Difference Between Felonies and Misdemeanors
July 17, 2019
The stress of being charged with a crime can be made worse when an individual does not fully understand the charges being brought against them. While being convicted of one crime may result in a mandatory jail sentence, other crime convictions carry a significantly lower punishment. Understanding the difference between a felony and misdemeanor is an important first step in defending these charges.
Under Pennsylvania law, crimes are classified into two major categories, felonies and misdemeanors. The class identification will govern what type of sentence is imposed should an individual be convicted of that crime. The following offenses constitute felonies in Pennsylvania:
- Murder, including murder of an unborn child
- Murder of a law enforcement officer
- Aggravated assault with a deadly weapon
- Involuntary manslaughter of child under 12 years old
- Sexual offenses
- Theft of property valuing over $2,000
- Possession of child pornography
- Possession with intent to distribute
In Pennsylvania, sentences for first- or second-degree felony convictions can be up to 10 years; third-degree felony convictions have a maximum prison sentence of seven years. Separate sentencing guidelines apply to the more serious criminal charge of murder, which is a capital offense and can be found punishable by death or life imprisonment. A conviction for attempted murder or solicitation/conspiracy to murder can result in a prison sentence up to 20 years in absence of serious physical injury.
A felony conviction will result in certain restrictions on an individual, even after their jail sentence has been served. Under Pennsylvania law, convicted felons may not serve on a jury, run for public office, own or possess a firearm, or qualify for certain government benefits.
A conviction for a misdemeanor offense under Pennsylvania law generally results in a less severe punishment. The most common misdemeanor offenses in Pennsylvania include:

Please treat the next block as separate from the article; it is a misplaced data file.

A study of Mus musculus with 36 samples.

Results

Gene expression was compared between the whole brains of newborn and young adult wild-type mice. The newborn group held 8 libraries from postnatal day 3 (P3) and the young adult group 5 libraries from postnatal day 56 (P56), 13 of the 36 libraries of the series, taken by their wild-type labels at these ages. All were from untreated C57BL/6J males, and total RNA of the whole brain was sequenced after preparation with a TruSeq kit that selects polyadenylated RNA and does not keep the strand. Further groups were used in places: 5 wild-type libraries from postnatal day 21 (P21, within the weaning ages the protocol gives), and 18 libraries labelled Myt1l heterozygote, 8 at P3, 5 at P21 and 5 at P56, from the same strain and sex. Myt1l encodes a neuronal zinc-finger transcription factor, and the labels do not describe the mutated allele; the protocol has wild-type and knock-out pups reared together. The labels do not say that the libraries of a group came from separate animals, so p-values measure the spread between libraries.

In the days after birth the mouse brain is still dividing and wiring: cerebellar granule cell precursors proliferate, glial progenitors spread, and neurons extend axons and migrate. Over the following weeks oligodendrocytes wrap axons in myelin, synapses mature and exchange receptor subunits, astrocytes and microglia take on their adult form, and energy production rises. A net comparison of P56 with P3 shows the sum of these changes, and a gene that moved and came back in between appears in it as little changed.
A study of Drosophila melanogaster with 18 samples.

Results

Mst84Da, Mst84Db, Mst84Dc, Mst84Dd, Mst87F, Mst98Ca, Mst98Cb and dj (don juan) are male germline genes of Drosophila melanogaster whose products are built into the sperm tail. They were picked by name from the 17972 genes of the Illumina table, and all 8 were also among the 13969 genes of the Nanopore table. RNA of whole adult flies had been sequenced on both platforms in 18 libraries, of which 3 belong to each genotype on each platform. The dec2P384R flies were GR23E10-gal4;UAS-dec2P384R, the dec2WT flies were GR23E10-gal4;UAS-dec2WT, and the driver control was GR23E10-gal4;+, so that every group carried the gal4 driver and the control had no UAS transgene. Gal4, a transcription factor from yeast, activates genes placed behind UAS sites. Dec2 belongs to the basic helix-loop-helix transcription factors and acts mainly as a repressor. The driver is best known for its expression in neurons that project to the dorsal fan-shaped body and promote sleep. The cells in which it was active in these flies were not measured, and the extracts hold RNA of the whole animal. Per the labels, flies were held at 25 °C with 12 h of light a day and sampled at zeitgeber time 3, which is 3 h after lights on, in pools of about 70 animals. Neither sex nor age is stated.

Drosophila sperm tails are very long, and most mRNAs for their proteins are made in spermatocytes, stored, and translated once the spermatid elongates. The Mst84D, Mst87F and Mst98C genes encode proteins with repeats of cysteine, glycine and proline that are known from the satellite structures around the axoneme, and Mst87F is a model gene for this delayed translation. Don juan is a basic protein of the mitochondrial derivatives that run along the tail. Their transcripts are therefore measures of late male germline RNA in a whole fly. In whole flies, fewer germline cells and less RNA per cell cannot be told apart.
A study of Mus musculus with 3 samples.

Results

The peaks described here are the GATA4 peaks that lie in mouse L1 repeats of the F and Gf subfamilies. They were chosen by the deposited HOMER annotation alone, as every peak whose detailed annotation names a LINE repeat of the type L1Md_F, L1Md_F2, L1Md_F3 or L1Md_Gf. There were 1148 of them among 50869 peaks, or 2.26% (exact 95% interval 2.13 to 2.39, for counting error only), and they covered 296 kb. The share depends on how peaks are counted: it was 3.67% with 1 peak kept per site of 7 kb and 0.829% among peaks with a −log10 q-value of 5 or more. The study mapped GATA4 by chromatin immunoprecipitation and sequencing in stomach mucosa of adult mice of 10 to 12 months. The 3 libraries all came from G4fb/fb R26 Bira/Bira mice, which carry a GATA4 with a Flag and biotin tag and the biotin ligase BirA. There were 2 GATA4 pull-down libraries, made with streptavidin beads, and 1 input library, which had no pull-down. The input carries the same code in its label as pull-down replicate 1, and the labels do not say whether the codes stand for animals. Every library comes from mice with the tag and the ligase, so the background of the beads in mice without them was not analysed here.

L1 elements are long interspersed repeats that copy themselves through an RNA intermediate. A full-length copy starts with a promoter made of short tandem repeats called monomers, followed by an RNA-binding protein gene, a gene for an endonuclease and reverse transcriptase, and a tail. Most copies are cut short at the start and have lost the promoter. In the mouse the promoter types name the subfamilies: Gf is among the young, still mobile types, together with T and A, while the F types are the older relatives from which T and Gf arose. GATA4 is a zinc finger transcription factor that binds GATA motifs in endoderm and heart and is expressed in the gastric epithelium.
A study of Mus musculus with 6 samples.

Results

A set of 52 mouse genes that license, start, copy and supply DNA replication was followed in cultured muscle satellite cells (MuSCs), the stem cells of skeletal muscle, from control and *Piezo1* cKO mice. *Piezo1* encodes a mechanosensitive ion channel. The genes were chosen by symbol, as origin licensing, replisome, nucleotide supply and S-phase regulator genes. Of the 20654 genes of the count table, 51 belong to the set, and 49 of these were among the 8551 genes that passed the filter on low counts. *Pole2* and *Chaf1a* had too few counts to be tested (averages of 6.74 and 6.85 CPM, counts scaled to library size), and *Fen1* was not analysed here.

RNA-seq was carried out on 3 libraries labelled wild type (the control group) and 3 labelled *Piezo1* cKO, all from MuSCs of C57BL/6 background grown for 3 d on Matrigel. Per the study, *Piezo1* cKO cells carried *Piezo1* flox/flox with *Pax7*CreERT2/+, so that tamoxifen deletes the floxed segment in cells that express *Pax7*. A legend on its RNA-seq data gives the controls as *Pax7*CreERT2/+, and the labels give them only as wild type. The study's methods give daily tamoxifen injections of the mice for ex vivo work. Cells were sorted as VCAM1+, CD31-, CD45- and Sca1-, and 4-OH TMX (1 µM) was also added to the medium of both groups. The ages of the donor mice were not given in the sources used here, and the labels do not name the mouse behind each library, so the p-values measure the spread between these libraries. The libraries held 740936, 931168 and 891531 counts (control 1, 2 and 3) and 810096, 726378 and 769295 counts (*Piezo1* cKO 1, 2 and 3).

- Simple assault
- Making terroristic threats
- Certain offenses for driving under the influence (DUI)
- Theft of items valued less than $2,000
- Public lewdness
- Disorderly Conduct
In Pennsylvania, sentences for first-degree misdemeanor convictions can be up to five years; second-degree convictions have a maximum of two years; and third-degree convictions have a maximum prison sentence of one year. Less serious crimes, which can result in a prison sentence of less than 90 days, are called summary offenses in Pennsylvania.
Defending Criminal Charges
Defending criminal charges often requires the assistance of experienced counsel familiar with Pennsylvania state law. An individual may be able to negotiate a felony charge down to a lesser misdemeanor offense by obtaining the assistance of an experienced criminal law attorney.
West Chester Criminal Defense Lawyers at the Law Offices of Heather J. Mattes Assist Individuals Charged with Felonies and Misdemeanors
If you or a loved one has been charged with a felony or misdemeanor offense, the experienced West Chester criminal defense lawyers at the Law Offices of Heather J. Mattes are here to help. We provide criminal defense services to individuals and will fight for the justice you deserve. Located in West Chester, Pennsylvania, we serve clients throughout Chester County, Bucks County, Delaware County, Lehigh County, Montgomery County, and Philadelphia County. To schedule a free consultation today, call us at 610-431-7900 or submit an online inquiry form.